In April, Smith was appointed by Governor JB Pritzker the same week 5-year-old AJ Freund was killed in Crystal Lake in a stunning case that received worldwide attention. AJ's parents are charged with his murder and the family had extensive prior contact with DCFS.
In an interview with the I-Team, Smith said he is committed to stop that kind of fiasco from happening again.
"Our job is to try to prevent tragedy," Smith said.
His tenure began during a tumultuous time for the agency, a lack of leadership blamed for many of its troubles. He is the 13th acting director in 10 years. Smith said when any child dies it is heartbreaking for everyone involved.
In May, a three-year performance audit of DCFS found the system had prior contact with 102 children who died between 2015 and 2017. Smith said that has led to new protocols.
"One of the ways we're trying to address that is we review a tremendous amount of our cases," Smith told the I-Team. "One of the areas we look at, cases that have reached a level of tragedy or concern. And then we pull those cases and the management team looks at each individual case. We do it to see what we can learn, if there were mistakes made, if there were things we should have done better."
The 2015 Child Welfare report to Congress is the most recent one available. Illinois has the 15th highest child fatality rate in the nation. From 2011 through 2015, the percentage of children experiencing a recurrence of neglect or abuse within six months of contact with DCFS increased by 62 percent. That is the fourth highest increase of any state.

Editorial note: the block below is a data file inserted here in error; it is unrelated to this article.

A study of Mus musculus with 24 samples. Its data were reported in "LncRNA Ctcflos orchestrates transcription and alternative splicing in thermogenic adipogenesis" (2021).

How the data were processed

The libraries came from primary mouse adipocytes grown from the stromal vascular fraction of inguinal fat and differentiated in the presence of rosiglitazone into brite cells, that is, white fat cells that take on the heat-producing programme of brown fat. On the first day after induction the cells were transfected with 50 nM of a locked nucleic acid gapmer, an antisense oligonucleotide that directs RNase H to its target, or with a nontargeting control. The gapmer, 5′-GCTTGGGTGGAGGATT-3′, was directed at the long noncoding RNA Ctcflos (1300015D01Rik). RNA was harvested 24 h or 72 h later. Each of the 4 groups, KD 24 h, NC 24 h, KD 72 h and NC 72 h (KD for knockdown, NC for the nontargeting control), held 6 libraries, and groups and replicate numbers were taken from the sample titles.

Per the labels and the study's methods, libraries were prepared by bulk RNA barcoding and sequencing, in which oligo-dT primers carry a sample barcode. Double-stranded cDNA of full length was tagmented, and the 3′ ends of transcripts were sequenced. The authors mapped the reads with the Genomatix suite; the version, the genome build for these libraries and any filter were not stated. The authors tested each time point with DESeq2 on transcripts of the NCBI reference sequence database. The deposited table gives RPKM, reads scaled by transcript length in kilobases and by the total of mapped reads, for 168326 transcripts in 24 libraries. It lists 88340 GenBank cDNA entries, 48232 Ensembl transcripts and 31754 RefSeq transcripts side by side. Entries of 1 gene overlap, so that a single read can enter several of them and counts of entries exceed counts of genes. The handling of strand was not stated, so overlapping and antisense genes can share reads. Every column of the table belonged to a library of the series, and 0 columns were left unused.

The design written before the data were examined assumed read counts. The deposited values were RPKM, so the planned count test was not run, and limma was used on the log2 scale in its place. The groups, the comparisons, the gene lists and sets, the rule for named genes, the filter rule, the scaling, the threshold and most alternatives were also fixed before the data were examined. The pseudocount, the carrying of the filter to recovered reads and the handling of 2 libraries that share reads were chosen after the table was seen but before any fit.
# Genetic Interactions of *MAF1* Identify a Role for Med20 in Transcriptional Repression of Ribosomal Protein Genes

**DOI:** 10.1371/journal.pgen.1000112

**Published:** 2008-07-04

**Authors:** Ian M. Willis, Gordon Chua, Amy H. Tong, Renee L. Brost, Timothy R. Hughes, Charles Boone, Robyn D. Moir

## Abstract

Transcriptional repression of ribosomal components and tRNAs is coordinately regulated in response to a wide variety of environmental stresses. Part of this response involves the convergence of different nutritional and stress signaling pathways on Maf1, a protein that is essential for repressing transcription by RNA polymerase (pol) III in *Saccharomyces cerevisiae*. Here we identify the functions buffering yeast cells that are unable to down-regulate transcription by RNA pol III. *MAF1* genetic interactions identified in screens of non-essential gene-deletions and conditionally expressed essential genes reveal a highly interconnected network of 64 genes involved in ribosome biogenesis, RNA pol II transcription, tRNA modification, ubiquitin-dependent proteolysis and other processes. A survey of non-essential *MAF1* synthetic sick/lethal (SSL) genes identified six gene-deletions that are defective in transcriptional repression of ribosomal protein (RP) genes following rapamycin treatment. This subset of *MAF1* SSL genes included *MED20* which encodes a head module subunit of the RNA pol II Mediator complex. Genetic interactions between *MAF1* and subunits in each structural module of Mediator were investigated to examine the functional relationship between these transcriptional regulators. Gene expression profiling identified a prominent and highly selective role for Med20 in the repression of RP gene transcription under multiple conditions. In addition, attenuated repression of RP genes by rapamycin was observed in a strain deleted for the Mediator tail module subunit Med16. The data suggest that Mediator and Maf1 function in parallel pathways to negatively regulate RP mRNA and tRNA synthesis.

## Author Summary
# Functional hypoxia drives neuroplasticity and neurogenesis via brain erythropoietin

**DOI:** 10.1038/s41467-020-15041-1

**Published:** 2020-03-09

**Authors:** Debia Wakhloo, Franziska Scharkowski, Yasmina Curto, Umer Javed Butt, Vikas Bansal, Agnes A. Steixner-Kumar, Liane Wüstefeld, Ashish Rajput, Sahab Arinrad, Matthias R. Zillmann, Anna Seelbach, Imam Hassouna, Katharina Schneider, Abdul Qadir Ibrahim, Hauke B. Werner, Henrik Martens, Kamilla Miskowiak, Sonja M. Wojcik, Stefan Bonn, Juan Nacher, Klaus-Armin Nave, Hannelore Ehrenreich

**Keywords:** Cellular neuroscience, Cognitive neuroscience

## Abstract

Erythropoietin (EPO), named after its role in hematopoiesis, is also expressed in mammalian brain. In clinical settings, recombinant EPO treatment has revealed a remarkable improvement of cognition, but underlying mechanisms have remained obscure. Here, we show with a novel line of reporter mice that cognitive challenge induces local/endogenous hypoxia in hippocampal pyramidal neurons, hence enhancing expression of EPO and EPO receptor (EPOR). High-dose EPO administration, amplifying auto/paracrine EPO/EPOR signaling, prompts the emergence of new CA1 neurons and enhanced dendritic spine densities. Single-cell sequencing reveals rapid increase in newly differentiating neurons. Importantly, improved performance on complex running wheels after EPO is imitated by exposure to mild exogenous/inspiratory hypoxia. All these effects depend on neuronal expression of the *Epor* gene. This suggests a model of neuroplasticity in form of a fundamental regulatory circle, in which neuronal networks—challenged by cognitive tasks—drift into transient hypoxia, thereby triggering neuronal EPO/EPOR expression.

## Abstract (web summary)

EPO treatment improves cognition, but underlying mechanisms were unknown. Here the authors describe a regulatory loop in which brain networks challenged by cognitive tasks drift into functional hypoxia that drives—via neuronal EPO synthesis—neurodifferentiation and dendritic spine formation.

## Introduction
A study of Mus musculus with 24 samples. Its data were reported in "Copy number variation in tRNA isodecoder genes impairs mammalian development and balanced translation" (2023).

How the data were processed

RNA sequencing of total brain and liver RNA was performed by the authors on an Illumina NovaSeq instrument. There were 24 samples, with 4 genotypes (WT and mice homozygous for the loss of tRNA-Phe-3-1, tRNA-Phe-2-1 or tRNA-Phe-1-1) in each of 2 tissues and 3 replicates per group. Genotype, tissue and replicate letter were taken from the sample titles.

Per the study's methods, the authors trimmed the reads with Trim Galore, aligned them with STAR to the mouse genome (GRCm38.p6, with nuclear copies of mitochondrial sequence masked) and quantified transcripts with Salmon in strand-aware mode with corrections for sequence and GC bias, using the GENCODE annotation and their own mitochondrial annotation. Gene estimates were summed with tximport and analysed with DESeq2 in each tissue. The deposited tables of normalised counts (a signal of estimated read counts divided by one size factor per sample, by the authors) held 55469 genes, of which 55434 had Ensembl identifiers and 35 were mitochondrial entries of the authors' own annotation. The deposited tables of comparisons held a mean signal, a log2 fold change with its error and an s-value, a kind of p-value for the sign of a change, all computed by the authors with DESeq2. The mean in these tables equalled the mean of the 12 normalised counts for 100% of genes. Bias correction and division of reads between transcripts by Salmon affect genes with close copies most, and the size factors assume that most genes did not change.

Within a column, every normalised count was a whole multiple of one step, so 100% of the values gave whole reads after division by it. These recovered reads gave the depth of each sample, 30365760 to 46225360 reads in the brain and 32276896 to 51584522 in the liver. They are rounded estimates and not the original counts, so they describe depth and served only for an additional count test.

"There is always work we can do better. And that it's our responsibility as a system to see our staff up to be able to make the best decisions that they can make," Smith admitted.
In March, Gov. Pritzker requested the University of Chicago's Chapin Hall review DCFS. Its report highlighted problems connected with the agency's priority on keeping families together even if there are strong indications of continued abuse.
Smith said there is no perfect formula for a family's success.
"We need to address each individual family where they live and so we won't make a systematic decision one way or the other. So, there's not a universal expectation that every child stays home or that every child comes into care," Smith emphasized.
Budget enhancements for the department are allowing DCFS to increase the number of case workers and other front line staff by 300 employees. Smith said this will help keep more children safe.
"My commitment is complete. Child welfare is what I do," he said. "There is an understanding that I have that it is going to take time to make sure that we grow and move forward effectively. We're not criticizing our staff. Our staff make the hardest decisions, they do the work nobody else wants to do. I have committed to help serving them."
Smith is officially the acting director until he is approved by the State Senate.